Sharing assembly-level context across unit tests

Finally got around to implementing this for Xunit since I needed it for something (to be blogged soon too ;)). Copied from the project page. Enjoy!

Install-Package xunit.assemblyfixture

Provides shared state/fixture data across tests in the same assembly, following the design of class fixtures (rather than the more convoluted collection fixtures). To complement xUnit documentation style, I shamelessly copy its layout here.

Shared Context between Tests

Please read xUnit documentation on shared context and the various built-in options, which are:

To which this project adds:

  • Assembly Fixtures (shared object instances across multiple test classes within the same test assembly)

Assembly Fixtures

When to use: when you want to create a single assembly-level context and share it among all tests in the assembly, and have it cleaned up after all the tests in the assembly have finished.

Sometimes test context creation and cleanup can be very expensive. If you were to run the creation and cleanup code during every test, it might make the tests slower than you want. Sometimes, you just need to aggregate data across multiple tests in multiple classes. You can use the assembly fixture feature of [Assembly Fixtures] to share a single object instance among all tests in a test assembly.

When using an assembly fixture, will ensure that the fixture instance will be created before any of the tests using it have run, and once all the tests have finished, it will clean up the fixture object by calling Dispose, if present.

To use class fixtures, you need to take the following steps:

  • Create the fixture class, and put the the startup code in the fixture class constructor.
  • If the fixture class needs to perform cleanup, implement IDisposable on the fixture class, and put the cleanup code in the Dispose() method.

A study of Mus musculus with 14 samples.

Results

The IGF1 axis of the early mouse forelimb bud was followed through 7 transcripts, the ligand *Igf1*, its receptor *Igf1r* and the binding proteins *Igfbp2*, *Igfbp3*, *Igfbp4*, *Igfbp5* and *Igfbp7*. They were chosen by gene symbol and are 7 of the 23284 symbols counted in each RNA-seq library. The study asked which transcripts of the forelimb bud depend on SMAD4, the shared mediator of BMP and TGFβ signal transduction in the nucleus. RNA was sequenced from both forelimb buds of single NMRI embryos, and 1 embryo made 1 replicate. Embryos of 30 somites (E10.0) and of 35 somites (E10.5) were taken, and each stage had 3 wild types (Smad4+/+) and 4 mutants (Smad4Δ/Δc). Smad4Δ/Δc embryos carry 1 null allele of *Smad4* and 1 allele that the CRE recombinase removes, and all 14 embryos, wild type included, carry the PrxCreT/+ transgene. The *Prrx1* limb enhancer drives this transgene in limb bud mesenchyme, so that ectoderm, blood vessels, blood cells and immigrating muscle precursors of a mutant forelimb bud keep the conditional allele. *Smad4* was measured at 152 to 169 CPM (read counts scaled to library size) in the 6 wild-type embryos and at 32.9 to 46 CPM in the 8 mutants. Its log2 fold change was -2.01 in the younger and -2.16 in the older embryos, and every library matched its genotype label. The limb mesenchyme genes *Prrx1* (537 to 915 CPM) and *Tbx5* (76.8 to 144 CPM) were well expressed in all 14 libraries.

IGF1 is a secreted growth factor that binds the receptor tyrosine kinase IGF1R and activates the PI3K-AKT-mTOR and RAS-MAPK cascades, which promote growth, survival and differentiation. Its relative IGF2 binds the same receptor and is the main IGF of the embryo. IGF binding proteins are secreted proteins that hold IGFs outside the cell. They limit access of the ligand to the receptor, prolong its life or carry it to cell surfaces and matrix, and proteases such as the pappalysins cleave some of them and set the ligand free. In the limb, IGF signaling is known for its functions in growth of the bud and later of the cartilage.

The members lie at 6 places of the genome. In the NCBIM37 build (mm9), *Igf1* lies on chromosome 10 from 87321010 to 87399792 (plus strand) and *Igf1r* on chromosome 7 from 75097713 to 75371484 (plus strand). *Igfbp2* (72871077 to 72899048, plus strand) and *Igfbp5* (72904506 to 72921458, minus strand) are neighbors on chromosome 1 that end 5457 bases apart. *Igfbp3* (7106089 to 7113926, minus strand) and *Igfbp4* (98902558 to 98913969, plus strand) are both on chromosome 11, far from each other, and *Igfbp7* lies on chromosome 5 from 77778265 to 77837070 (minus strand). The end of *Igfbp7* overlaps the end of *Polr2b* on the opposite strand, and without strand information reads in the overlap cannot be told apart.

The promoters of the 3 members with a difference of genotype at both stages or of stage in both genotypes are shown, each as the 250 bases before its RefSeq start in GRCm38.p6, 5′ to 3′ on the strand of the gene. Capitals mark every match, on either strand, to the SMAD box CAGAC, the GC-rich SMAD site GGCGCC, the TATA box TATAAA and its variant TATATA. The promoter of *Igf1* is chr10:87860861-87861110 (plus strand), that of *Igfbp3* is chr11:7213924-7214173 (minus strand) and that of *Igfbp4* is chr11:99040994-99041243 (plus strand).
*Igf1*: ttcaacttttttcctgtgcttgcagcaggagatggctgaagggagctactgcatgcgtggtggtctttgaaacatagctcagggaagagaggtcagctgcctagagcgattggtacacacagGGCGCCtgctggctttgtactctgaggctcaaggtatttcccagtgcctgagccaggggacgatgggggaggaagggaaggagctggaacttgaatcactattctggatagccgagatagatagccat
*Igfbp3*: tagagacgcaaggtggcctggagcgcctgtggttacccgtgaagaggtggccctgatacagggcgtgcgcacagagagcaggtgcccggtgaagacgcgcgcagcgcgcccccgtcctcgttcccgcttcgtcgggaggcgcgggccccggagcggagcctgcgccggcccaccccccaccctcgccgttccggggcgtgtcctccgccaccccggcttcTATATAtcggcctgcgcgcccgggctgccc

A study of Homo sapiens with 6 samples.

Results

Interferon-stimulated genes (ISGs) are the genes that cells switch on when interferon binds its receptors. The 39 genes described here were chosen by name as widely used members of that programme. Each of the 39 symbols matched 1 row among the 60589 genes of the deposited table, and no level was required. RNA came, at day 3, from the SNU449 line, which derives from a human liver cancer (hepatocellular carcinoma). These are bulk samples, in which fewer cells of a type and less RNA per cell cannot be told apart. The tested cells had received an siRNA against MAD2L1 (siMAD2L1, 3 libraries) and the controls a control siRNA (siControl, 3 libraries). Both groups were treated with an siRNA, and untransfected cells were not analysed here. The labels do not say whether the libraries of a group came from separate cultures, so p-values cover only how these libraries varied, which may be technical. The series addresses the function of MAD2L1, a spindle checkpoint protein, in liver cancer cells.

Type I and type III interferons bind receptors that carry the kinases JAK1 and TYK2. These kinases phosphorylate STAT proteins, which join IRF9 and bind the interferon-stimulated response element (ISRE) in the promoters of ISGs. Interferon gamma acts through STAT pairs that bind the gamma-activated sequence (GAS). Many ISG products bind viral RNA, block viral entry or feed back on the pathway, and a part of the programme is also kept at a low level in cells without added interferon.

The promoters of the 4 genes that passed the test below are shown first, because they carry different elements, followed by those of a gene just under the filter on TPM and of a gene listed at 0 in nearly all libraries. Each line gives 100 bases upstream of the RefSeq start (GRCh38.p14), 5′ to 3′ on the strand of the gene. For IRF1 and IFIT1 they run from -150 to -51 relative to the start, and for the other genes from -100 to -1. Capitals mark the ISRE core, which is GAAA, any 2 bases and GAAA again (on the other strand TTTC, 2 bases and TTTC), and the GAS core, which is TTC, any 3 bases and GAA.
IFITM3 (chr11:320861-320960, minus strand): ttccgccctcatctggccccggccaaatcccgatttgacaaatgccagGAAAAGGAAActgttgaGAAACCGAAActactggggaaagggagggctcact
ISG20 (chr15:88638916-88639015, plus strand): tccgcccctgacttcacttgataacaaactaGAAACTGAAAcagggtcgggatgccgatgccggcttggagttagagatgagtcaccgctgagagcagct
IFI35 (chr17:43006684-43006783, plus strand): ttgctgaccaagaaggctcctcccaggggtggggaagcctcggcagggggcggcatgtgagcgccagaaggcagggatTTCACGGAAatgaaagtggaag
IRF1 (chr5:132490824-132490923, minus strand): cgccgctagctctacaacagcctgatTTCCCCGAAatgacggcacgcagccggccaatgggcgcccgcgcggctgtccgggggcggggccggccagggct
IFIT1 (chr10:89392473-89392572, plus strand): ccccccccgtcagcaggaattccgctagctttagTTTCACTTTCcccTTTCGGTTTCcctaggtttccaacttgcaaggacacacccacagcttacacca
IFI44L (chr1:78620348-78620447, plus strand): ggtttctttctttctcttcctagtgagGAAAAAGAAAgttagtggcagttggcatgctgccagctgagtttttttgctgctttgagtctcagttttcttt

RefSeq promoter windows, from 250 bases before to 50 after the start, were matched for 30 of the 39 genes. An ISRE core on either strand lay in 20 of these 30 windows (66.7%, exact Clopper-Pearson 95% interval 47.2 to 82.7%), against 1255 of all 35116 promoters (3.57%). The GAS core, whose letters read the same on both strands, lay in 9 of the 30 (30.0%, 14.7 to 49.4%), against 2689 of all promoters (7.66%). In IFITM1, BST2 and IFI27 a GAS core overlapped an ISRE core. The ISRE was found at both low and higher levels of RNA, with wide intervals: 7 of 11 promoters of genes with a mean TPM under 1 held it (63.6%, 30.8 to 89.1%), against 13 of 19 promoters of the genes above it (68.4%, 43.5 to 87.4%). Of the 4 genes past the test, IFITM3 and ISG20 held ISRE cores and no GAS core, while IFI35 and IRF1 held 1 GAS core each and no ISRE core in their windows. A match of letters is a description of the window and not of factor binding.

• Add IClassFixture<TFixture> to the test class.
  • If the test class needs access to the fixture instance, add it as a constructor argument, and it will be provided automatically.

Here is a simple example:

public class DatabaseFixture : IDisposable
    public DatabaseFixture()
        Db = new SqlConnection("MyConnectionString");

        // ... initialize data in the test database ...

    public void Dispose()
        // ... clean up test data from the database ...

    public SqlConnection Db { get; private set; }

public class MyDatabaseTests : IAssemblyFixture<DatabaseFixture>
    DatabaseFixture fixture;

    public MyDatabaseTests(DatabaseFixture fixture)
        this.fixture = fixture;

    // ... write tests, using fixture.Db to get access to the SQL Server ...

Just before the first test in the assembly to require the DatabaseFixture is run, will create an instance of DatabaseFixture. Each subsequent test will receive the same shared instance, passed to the constructor of MyDatabaseTests, just like a static singleton, but with predictable cleanup via IDisposable.

Important note: uses the presence of the interface IAssemblyFixture<> to know that you want an assembly fixture to be created and cleaned up. It will do this whether you take the instance of the class as a constructor argument or not. Simiarly, if you add the constructor argument but forget to add the interface, will let you know that it does not know how to satisfy the constructor argument.

If you need multiple fixture objects, you can implement the interface as many times as you want, and add constructor arguments for whichever of the fixture object instances you need access to. The order of the constructor arguments is unimportant.

Note that you cannot control the order that fixture objects are created, and fixtures cannot take dependencies on other fixtures. If you have need to control creation order and/or have dependencies between fixtures, you should create a class which encapsulates the other two fixtures, so that it can do the object creation itself.